By Chris Dellasega, MS, CSCS, PICP 2, BioSig 1
Many football teams’ strength training programs revolve around conventional powerlifting and Olympic weightlifting exercises. While these movements are essential to improving athletic performance, they do have some limitations. Strongman training for football players is a great adjunct to traditional training methods for developing the strongest and fastest athletes on the field.
Traditional barbell and dumbbell exercises require the bar, or body, to move through specific pathways. This limited bar path somewhat limits the transferability of strength in these lifts to the field.
Conventional strength training exercises require the body to be static (stable) when executing a lift while the body part being trained moves the implement (a barbell or dumbbell, for example) through space. In the Back Squat, for example, you stay in the same place while squatting up and down. In the Bench Press, the torso and lower body stay static while the arms move the bar.
On field conditions, however, require an athlete to both produce and resist force in multiple planes simultaneously. Think of an offensive lineman blocking, i.e. “pressing” with the arms while simultaneously “driving” the opponent back with his legs.
The body moves in three distinct planes of motion: the sagittal, transverse, and frontal. Traditional barbell and dumbbell exercises require force production primarily in one plane of motion: the sagittal plane (such as a Bench Press or Squat).
The different movements required in football – such as running, twisting, jumping, throwing, catching, kicking, pushing, and pulling – require force to be generated in multiple planes of motion at the same time, something we refer to as “dynamic resistance”.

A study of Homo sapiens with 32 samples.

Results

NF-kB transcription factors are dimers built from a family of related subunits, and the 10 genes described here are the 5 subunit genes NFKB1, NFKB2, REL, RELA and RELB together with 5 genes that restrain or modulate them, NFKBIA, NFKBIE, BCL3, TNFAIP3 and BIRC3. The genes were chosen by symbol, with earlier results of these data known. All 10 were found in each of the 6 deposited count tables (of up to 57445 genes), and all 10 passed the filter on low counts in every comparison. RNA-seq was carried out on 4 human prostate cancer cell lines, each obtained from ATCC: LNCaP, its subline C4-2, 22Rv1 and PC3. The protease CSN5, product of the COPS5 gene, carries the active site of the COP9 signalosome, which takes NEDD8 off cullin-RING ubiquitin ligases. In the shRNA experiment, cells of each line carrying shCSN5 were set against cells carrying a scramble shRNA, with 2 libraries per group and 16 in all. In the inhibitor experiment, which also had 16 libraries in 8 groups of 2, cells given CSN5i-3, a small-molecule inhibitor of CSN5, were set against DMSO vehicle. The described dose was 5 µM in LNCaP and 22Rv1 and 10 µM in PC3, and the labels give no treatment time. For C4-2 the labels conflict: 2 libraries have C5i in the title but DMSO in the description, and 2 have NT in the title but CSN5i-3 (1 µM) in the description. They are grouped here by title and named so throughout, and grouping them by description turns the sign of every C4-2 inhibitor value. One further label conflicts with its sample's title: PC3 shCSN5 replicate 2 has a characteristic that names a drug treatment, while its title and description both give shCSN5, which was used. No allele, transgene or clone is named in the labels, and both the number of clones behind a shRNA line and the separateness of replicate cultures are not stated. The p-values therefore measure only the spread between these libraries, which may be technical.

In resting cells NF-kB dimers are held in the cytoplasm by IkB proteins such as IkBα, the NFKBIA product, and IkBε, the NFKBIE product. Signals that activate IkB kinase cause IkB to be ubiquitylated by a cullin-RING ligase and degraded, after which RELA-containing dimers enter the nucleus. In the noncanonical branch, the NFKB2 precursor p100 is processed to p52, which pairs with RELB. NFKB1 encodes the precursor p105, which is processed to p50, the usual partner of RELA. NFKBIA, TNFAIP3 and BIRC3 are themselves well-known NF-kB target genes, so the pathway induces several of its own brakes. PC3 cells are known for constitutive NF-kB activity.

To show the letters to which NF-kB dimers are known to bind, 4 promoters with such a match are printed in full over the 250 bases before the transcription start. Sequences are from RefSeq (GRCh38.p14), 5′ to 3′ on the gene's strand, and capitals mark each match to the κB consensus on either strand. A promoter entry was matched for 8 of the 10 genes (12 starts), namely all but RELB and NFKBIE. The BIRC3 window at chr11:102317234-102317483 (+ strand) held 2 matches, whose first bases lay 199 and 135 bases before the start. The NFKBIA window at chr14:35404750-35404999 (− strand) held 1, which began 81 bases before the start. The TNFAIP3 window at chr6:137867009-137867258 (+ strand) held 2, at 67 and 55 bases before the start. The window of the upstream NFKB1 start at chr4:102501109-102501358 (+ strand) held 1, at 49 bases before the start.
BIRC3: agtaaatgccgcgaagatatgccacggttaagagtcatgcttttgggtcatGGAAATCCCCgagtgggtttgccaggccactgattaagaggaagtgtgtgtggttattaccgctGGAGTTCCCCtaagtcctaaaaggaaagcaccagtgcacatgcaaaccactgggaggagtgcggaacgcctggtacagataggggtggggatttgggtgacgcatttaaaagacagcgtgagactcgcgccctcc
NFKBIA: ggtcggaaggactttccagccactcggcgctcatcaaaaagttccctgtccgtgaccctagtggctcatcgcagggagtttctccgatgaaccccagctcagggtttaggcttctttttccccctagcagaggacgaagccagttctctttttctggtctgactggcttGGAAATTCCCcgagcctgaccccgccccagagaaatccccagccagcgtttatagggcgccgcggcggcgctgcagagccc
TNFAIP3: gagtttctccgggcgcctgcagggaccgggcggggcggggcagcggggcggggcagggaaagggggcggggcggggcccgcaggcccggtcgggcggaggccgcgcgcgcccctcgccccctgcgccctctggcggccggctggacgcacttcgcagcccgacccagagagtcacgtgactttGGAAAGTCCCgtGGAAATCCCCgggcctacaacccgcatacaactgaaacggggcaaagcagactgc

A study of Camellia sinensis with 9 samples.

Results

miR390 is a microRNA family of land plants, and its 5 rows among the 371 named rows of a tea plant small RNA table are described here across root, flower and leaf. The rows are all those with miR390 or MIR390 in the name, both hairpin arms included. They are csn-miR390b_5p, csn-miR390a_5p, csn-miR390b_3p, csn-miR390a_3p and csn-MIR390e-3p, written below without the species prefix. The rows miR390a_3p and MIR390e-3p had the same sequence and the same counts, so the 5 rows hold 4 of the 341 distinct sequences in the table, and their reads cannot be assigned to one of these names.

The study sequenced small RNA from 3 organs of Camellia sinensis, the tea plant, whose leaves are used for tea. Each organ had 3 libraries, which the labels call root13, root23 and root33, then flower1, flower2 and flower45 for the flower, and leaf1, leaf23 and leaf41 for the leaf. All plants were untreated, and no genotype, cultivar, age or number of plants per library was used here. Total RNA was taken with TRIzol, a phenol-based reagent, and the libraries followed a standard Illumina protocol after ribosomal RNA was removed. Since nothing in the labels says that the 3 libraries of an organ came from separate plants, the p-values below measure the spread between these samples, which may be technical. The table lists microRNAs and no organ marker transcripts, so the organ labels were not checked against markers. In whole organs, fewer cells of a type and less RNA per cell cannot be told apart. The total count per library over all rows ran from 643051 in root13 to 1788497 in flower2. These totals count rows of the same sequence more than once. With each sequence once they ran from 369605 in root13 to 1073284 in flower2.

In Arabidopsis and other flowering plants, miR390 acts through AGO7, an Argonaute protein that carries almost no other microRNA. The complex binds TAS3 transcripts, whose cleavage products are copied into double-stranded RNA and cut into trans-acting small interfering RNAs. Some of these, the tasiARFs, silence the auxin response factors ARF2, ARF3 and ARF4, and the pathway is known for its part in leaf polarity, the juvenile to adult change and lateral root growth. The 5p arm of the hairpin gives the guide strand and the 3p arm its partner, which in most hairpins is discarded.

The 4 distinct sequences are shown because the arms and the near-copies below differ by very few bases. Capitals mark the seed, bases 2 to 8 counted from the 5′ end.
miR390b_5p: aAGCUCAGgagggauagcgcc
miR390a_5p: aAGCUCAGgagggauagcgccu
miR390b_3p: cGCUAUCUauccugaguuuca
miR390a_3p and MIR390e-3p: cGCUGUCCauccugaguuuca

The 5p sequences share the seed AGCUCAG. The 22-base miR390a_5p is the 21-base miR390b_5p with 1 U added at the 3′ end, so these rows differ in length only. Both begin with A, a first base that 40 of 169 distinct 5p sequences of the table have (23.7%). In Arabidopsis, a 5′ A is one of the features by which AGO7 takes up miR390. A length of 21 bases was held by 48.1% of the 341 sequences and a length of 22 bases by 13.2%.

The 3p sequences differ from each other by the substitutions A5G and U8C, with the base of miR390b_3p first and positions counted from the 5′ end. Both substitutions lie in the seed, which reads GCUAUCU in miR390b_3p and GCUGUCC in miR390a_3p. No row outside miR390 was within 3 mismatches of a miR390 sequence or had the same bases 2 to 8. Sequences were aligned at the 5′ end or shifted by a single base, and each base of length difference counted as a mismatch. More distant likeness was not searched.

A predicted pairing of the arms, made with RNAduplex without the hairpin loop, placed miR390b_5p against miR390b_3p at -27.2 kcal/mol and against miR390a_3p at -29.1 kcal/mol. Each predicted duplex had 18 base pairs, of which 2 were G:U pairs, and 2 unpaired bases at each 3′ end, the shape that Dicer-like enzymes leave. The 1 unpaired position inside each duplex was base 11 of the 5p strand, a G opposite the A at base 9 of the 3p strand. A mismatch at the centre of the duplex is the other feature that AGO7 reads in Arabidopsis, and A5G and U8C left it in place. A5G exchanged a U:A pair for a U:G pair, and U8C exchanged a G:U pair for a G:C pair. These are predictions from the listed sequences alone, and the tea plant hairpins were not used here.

Strongman Training: Picking Up Where Traditional Strength Training Leaves Off
When implemented correctly, modified strongman training can be beneficial for athletes because the exercises used mimic movements that are similar to those seen in football. Put another way, strongman training uses exercises that train the body using movements that are similar to how the sport is played.
Common strongman lifts that are used include flipping tractor tires, similar to a lineman coming off the line and blocking; pushing weighted sleds, is similar to a running back accelerating and breaking tackles; pulling sleds, mimic a linebacker maintaining a grip and making a tackle; carrying kegs or Atlas stones, simulate wrapping up on a tackle, etc.
When strongman training is combined with traditional strength training, it develops strength in a way different than a conventional approach by using dynamic resistance, which challenges the body’s stabilization and linkage systems, i.e. “the core” differently than traditional barbell and dumbbell exercises.
What makes strongman training so effective is the unbalanced nature of the training implements. Unlike barbells and dumbbells, the unbalanced nature of strongman implements forces an athlete to constantly make adjustments in body position and muscular tension in order to stabilize the object, i.e. dynamic resistance.
What the Research Says
In the November 2009 issue of the Journal of Strength and Conditioning Research a study was published entitled, “Comparison of different strongman events: trunk muscle activation and lumbar spine motion, load, and stiffness.” Led by Dr. Stuart McGill, the leading expert in spinal biomechanics.
This study observed the farmer’s walk, super yoke, Atlas stone lift, suitcase carry, keg walk, tire flip, and log lift. The researchers found, “Strongman events clearly challenge the strength of the body linkage, together with the stabilizing system, in a different way than traditional approaches.”
The study directed by Dr. McGill concluded that, “The carrying events challenged different abilities than the lifting events, suggesting that loaded carrying would enhance traditional lifting-based strength programs.”
In another study published in the November 2010 issue of the Journal of Strength and Conditioning Research entitled, “A kinematic analysis of a strongman-type event: the heavy sprint-style sled pull”, researchers found that there are many similarities between heavy sled pulls and the acceleration phase of a sprint.
The results of this study suggest that the heavy sled pull may enhance the acceleration phase of sprinting and may also increase an athlete’s ability to break and make tackles.
There is mounting evidence to suggest that properly implemented strongman training picks up where traditional barbell and dumbbell exercises leave off. Together with traditional barbell and dumbbell exercises modified strongman training has been shown to produce better strength gains than when conventional barbell and dumbbell methods are used alone.